Attention is now focused on the journalist, Glenn Greenwald, who works for The Guardian newspaper. Republican Congressman of New York Peter King told CNN's Anderson Cooper Tuesday that he thinks the journalist should be prosecuted.
"If they willingly knew this was classified information, I think actions should be taken, especially on something of this magnitude," said King.
"I think something on this magnitude, there is an obligation, both moral and also legal, I believe, against a reporter disclosing something which would so severely compromise national security," said King.
In response, Greenwald tweeted, "Is it true, as I was just told, that Peter King on CNN called for criminal prosecution of journalists reporting the NSA stories?"
The U.S. government has been at odds with journalists of late, with recent revelations that the Justice Department scrutinized reporters around a high-profile national security leak investigation, acquiring subpoenas for Associated Press phone records, and also subpoenaed phone records of Fox News reporter James Rosen.
But it is unlikely that charges will be brought against Greenwald.
The Obama Justice Department has shown a willingness to go after leakers more aggressively than previous presidents, using the Espionage Act more times than all other presidents combined to pursue them. They have also named journalists, specifically Rosen, as criminal co-conspirators.
But they have not prosecuted any of these journalists, and it is unlikely they would prosecute Greenwald, or anyone else, because it creates a slippery slope - would they then go back and prosecute anybody who published any of the WikiLeaks? Would they prosecute any journalist who publishes any national security story? It creates too many problems.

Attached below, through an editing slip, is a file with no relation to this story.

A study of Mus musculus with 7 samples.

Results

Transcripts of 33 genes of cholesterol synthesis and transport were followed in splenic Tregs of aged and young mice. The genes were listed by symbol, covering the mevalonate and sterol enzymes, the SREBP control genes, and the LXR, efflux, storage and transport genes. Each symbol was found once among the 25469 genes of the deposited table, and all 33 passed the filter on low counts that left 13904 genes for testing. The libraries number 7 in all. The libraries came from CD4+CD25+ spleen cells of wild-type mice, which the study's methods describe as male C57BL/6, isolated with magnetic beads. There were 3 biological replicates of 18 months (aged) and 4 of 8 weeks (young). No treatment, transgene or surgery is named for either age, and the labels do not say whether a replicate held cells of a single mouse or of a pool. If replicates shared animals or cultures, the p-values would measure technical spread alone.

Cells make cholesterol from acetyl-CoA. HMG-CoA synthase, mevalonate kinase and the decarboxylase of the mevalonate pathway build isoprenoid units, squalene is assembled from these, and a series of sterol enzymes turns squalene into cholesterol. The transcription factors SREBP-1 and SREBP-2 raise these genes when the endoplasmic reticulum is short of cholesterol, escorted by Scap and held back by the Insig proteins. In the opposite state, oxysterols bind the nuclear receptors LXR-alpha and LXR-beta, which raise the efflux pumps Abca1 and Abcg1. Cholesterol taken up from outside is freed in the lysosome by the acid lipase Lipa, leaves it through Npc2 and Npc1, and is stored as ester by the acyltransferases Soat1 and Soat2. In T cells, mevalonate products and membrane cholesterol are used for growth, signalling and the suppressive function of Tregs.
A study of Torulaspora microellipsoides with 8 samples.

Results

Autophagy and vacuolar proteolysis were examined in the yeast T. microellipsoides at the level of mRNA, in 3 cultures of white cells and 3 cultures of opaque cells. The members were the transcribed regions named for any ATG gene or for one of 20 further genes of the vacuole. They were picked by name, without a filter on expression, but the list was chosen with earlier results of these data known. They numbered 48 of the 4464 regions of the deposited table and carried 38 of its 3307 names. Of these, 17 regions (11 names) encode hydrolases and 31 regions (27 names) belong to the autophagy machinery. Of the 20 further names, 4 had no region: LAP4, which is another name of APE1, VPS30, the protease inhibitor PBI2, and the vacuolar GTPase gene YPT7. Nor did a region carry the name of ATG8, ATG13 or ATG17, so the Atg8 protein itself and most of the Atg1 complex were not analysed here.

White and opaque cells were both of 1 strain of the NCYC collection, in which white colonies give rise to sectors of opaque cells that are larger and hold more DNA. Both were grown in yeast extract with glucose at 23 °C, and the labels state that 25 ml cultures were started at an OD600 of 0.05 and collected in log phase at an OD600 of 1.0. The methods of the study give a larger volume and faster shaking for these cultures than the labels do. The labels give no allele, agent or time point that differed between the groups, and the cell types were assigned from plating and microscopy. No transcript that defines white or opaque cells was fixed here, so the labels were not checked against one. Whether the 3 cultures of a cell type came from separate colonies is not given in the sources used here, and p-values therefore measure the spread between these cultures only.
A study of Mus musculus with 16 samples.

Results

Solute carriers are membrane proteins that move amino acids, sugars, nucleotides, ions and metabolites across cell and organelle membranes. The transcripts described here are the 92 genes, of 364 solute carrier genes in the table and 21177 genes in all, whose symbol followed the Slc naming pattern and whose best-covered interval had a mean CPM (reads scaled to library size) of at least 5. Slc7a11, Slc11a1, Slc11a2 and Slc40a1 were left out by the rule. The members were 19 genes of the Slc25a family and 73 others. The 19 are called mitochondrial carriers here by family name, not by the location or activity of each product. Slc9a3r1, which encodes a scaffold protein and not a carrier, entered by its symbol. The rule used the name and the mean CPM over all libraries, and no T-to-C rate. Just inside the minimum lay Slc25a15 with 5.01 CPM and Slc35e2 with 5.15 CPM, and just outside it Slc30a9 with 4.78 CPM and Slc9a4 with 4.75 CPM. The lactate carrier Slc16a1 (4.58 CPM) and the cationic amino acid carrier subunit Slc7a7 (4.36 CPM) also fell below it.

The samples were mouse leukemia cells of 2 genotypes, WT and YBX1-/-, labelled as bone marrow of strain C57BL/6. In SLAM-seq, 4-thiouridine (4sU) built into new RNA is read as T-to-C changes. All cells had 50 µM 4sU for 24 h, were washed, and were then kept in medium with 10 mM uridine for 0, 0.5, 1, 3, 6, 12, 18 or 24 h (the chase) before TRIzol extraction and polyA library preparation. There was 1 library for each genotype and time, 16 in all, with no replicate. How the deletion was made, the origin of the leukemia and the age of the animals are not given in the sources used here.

Greenwald also lives in Brazil, and writes for a British newspaper.
One of the points of contention is the damage done to national security. The Director of National Intelligence James Clapper told NBC Saturday that the recent wave of leaks has done "huge, grave damage ... to our intelligence gathering capabilities."
Greenwald brushed off Clapper's assertion on CNN's "The Lead" Monday, saying, "I defy anybody ... to go and look at what it is we published over the last week and describe how any of that could have harmed national security."
"Terrorists already know that the U.S. government tries to surveill their communications. Nothing that we revealed helps, quote-unquote, the terrorists," said Greenwald. "All we did was tell our fellow citizens in the United States, and around the world, the extent and capabilities of how vast the surveillance state is, and the reason why it needs scrutiny and accountability."
Obama administration officials strongly dispute that assertion, saying that by revealing how wide this dragnet is of both internet and telephone records, journalists are revealing secrets to would-be terrorists.
But as of now, there is no evidence of the administration's claims, and they are still doing an assessment of the national security leak, and what damage it did.